5 Tips for Managing Anxiety When You're in a Relationship

A couple smiling and holding each other while outside
A couple smiling and holding each other while outside

Anyone can have generalized anxiety disorder (GAD). A genetic predisposition and/or going through an emotional, physical or psychological trauma can both contribute to developing the disorder.

GAD can be difficult to live with for both the spouse who has it and the one who doesn’t. Sometimes even simple things like going out for dinner or watching a movie at home can seem like a difficult task.

However, there are many strategies those struggling with chronic anxiety can use to foster healthy relationships.

The Anxiety and Depression Association of America finds that anxiety disorders are the most common mental illness in the United States. GAD affects 6.8 million adults in the U.S. and is twice as likely to affect women — though men and children also have GAD. Symptoms include:

  • Persistent worry

  • Inability to relax

  • Constantly feeling on edge

  • Wrongly perceiving situations as threatening

  • Irritability

  • Overthinking

  • Frequently thinking about the worst possible outcome of any situation

  • Fatigue

  • Trembling

  • Insomnia

  • Muscle aches

  • Nervousness

  • Irritable bowel syndrome, nausea or diarrhea

  • Excessive worry about family dying, natural disasters, punctuality or performance at work or school

  • Anxiety that frequently spills over into an overreaction

Related:I Take Medication for Anxiety – and I'm Still a Good Mom

Anxiety is a natural human reaction to stressful or worrisome situations, but GAD is a form of anxiety that is similar to a panic disorder. It can be incredibly challenging to live with GAD, especially when you are trying to maintain healthy relationships with friends, your spouse and other loved ones. Based on my experience, here’s some advice I would offer.

1. Don’t be afraid to ask for help.

The good news is that anxiety is a highly treatable disorder, yet a mere 36.9 percent of people who struggle with it receive treatment.

Those dealing with GAD should not be afraid to ask for help either from their spouse or their doctor. Doctors will be able to prescribe medical treatments for anxiety that can help those experiencing it get their life back on track.

2. Plan short-term couples’ activities.

Studies show that being in love can reduce anxieties of daily life. Therefore, maintaining healthy relationships with loved ones, and especially a spouse, can be beneficial for reducing anxiety.

Related:The 5 Stages of My Anxiety in the Morning

Married couples statistically experience less stress and greater happiness when spending quality time together.

This makes date night the perfect opportunity for couples to de-stress. Planning short-term activities such as dinner or going on a romantic walk with a partner can be soothing and distracting from the anxieties of the day.

Studies show that couples who have a regular date night one or more times a month have a boost in romantic love, communication and sexual satisfaction. These couples are also less likely to get divorced.

Physical touch is also important. Research has shown that the oxytocin hormone that is released in the body while hugging a spouse, cuddling together, kissing or being intimate has been shown to lower stress and increase trust.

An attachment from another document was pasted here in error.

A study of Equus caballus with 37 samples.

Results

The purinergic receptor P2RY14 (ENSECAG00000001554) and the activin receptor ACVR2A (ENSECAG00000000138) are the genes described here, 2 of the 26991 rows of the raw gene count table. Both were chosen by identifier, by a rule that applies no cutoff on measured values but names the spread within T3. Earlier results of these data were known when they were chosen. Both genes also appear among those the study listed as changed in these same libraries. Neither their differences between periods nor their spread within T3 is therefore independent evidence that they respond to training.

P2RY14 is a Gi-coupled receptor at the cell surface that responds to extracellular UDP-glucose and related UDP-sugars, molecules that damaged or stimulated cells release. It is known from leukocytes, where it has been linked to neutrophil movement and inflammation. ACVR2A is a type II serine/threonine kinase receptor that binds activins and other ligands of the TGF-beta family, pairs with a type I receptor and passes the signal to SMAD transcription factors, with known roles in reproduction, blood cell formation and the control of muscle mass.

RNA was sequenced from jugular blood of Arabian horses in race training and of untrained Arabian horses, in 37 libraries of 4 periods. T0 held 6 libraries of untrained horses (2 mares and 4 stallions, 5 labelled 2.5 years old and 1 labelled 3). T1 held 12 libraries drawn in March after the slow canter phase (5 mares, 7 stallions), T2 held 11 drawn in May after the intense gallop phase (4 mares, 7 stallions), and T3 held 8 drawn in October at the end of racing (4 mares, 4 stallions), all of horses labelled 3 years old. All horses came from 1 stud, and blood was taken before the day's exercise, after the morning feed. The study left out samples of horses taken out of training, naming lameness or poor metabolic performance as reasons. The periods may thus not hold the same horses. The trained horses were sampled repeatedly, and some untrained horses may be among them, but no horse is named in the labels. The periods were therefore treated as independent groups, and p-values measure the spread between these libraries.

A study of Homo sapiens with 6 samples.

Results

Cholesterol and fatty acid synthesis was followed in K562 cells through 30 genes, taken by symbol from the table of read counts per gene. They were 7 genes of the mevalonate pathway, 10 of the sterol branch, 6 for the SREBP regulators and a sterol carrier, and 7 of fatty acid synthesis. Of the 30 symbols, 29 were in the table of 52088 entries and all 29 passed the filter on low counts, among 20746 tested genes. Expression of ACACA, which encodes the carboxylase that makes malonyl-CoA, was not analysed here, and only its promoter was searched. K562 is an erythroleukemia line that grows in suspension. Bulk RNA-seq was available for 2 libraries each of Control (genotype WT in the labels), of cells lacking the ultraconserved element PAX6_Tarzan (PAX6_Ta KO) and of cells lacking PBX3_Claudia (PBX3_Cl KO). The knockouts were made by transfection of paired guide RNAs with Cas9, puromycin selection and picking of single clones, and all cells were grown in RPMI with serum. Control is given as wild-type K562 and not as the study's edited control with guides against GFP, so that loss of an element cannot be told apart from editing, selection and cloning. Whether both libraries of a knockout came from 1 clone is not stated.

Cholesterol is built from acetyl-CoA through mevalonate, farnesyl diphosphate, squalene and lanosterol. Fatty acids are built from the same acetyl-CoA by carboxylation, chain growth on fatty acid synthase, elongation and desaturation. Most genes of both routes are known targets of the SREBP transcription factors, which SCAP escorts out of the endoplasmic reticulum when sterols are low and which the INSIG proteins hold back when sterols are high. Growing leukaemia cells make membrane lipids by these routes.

3. Exercise to de-stress.

The Official Journal of the Association of Medicine and Psychiatry found that, “Aerobic exercises, including jogging, swimming, cycling, walking, gardening,and dancing, have been proved to reduce anxiety and depression.

Related:A Coachella 2019 Playlist of Songs for People With Anxiety and Depression

Yes, exercising is good for maintaining both mental and physical health.

If an exerting exercise is not a desirable option, those dealing with stress can benefit from doing simple yoga.

Stretching, posing and holding have all been proven to relieve anxiety and depression.

4. Communicate with your spouse.

Communication is the key to happy and healthy relationships. Those struggling with GAD should be open with their spouse about how they are feeling and what they need.

The spouse who is not living with GAD must play their part as well. Communication is about talking, but it is also about learning to listen. Partners should listen without interruption and strive to have empathy and patience.

The spouse who’s supporting their partner with anxiety should strive to understand both GAD and their partner. Talking about the illness will help you understand how to comfort your partner and avoid behavior that may trigger an anxiety attack.

5. Set up regular tech-free time.

Those who are working on building healthy relationships do well to put their phones away when interacting with their partner. One Baylor University study found that of 308 adults, nearly 47 percent felt ignored by their partner in favor of a cell phone.

Not only does being glued to a cell phone result in lower relationship satisfaction, but studies show that those who spend too much time on social media tend to have worse mental health issues and an increase in depression. Constantly being alerted to new emails and social media posts can be extremely stressful for those with GAD.

Many find it beneficial to set regular “tech-free time” while at home. This consists of an hour or more where cell phones are on silent and televisions and laptops are turned off. This time contributes to lowered anxiety and a sense of peace and calm.

Anxiety is a real problem. It is not made up. Everyone has some level of anxiety in their lives and there is no shame or embarrassment in getting help for it. While there is no cure for anxiety, there are treatments available that can help people who experience it get their lives back on track.